Great to spark interest and/or raise consciousness about green lawns, native plants and bioswales [“Sod Off!” Sept. 15–21].
Bummer there was no mention of the fact that there are nearly 6,000 species plus thousands more cultivars of California native plants that are conducive to creating virtually any style garden imaginable, e.g., cottage/English, Japanese/Zen, bird/butterfly habitat, even a green lawn (with the species you mentioned and more).
Here in Southern California, we have a mix of climates. The L.A. area is mostly composed of chaparral, which consists of medium trees and shrubs, perennials and ephemerals such as wildflowers, and coastal sage scrub, which embodies large coast live oak and other trees, shrubs and flowering perennials and wildflowers — all of which have adapted to our weather patterns over millennia. Los Angeles is actually not a desert.
So, for landscaping purposes, there are myriad choices. One doesn’t need to turn to the ubiquitous olive tree to get its design effect. Simply try Quercus chrysolepis (canyon live oak) or Heteromeles arbutifolia (toyon) or other small native trees and large shrubs for similar looks, with the added benefit of being distinctly Californian.
For other lawn options, try Festuca rubra molate (red fescue). You can seed this magnificent native grass in the cool temperatures of the fall, and it will sprout quickly and provide years of flowy green softness.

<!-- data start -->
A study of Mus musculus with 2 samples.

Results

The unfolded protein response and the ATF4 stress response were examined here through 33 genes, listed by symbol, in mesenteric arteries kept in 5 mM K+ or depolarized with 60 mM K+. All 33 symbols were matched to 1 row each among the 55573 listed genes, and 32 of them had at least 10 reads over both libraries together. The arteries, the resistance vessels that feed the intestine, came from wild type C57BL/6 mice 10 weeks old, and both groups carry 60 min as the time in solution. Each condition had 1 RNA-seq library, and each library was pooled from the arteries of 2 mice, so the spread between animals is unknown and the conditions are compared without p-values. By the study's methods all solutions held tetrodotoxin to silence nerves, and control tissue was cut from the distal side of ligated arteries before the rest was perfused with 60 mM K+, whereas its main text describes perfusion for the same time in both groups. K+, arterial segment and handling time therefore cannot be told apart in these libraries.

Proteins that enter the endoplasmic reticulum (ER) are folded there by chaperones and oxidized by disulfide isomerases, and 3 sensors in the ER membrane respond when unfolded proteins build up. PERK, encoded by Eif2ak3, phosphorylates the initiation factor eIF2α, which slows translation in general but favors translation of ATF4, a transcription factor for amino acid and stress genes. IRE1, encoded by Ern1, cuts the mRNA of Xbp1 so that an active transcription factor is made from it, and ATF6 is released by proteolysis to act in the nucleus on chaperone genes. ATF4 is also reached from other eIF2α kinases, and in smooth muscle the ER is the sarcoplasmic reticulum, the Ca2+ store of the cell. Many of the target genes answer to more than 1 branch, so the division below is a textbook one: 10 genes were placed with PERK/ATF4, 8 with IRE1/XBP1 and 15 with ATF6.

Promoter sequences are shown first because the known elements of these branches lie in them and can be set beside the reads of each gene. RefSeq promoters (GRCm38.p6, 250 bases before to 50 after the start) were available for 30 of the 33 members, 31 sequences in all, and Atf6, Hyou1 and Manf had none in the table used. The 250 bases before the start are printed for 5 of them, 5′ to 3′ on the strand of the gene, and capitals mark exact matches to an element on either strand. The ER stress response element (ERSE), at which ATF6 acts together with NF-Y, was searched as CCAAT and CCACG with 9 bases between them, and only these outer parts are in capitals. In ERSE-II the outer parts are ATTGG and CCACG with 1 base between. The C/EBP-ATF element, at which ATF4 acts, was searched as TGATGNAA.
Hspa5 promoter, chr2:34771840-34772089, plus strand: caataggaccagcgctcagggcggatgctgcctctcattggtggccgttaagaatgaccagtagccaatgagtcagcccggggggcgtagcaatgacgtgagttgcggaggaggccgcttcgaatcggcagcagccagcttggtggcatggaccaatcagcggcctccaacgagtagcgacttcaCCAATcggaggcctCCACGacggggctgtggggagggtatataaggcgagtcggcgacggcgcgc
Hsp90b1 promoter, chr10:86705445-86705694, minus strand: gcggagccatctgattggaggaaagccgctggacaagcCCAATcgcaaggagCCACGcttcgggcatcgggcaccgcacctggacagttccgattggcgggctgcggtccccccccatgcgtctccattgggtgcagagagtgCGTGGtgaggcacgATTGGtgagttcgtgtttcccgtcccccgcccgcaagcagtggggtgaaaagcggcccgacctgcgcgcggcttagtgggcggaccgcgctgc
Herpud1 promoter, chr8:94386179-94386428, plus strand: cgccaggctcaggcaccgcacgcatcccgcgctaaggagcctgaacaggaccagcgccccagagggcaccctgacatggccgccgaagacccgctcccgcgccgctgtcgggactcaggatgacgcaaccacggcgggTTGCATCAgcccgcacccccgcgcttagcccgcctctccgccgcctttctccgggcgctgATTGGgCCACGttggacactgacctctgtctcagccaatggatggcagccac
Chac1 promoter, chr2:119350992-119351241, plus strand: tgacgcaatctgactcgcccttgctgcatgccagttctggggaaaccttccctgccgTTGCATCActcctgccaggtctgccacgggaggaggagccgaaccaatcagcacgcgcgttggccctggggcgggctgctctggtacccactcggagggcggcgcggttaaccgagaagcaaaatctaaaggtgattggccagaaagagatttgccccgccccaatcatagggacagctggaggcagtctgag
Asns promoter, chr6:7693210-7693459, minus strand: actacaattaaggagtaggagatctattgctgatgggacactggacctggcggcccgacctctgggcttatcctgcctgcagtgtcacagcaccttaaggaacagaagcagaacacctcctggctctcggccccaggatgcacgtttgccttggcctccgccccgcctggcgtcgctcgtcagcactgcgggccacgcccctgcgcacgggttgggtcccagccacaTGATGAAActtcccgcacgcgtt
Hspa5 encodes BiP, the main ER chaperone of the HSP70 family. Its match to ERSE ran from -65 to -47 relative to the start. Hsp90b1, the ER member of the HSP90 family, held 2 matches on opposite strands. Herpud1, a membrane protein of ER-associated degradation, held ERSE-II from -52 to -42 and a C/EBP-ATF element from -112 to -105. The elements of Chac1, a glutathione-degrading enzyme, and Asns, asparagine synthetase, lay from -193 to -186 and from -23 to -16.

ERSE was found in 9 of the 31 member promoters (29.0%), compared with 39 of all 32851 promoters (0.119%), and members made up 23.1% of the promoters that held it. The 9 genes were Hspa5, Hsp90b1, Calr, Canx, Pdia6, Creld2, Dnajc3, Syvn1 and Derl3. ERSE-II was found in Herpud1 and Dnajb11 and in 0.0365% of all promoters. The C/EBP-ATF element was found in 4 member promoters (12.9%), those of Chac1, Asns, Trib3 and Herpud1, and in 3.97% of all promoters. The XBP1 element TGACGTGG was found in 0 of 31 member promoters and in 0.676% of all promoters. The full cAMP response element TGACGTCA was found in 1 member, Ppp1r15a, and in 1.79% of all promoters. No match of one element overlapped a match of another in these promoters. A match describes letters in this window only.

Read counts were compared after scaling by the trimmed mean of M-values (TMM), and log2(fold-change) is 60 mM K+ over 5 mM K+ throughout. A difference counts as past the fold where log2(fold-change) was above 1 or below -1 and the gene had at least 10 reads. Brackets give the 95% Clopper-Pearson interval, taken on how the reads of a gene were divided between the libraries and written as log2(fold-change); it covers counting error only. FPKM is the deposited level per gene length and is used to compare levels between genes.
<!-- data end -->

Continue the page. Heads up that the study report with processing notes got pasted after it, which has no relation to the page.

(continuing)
For almost every non-native plant, there is a sensible California-native substitute that fosters ecological balance and keeps invasive and potentially invasive species (we never know how a new non-native will behave in this climate, and we’ve had too many surprises in the past that still haunt us, e.g., pampas grass, tree of heaven and fountain grass — refer to the California Invasive Plant Council for more info) from crowding out native plants, destroying habitat and creating fire hazards.
And besides being wise and environmentally sound to garden with California native plants, it’s easy, fun, beautiful and rewarding. They bring birds you’ve never seen before and require no soil amendments or fertilizer, something especially crucial to eliminating urban runoff.
But He Liked Pirates . . .
Scott Foundas asks if critics are needed [“Terror in the Aisles,” Sept. 8–14]. I say, more than ever. If only to spray a bit of misty hope on us parched souls wandering the desert of Hollowland. If only to remind us that we are not going mad, that we really are seeing what we see.
That the mass culture is in a pharmaceutically induced trance, and will do whatever it is told, is true. Care not that the blubbery masses sucking on their half-gallon Cokes and chomping on industrial-size buckets of rancid popcorn want to see the wretched Pirates two, three, four and more. Care not that they refuse to see the gem of a movie you suggest, but instead read from the front page of their newspapers what the five top-grossing movies of the weekend were and then go to them. Forgive them, for they know not what they do.
We are a lazy, fat, drug-addled culture, and any movie worth its salt is by nature the enemy. The adrenal glands of the whole country barely function, destroyed by mass consumption of crap on every level. Sound technicians work around the clock to create new rattle-and-boom techniques to keep this near-comatose mass close to a waking state.
Do it for those of us who are struggling to stay awake, for those of us who dare to say the Emperor has no clothes. And take heart — you have been heard and appreciated more than you might imagine.
The National Association of Hispanic Journalists named Daniel Hernandez the Emerging Journalist of the Year for, in their words, “his distinct cultural take on the people and events of Los Angeles, graced with wonderful writing.”
In gustatory-related news, Jonathan Gold won the Association of Food Journalists award for restaurant criticism in the 150,000-to-350,000-circulation category.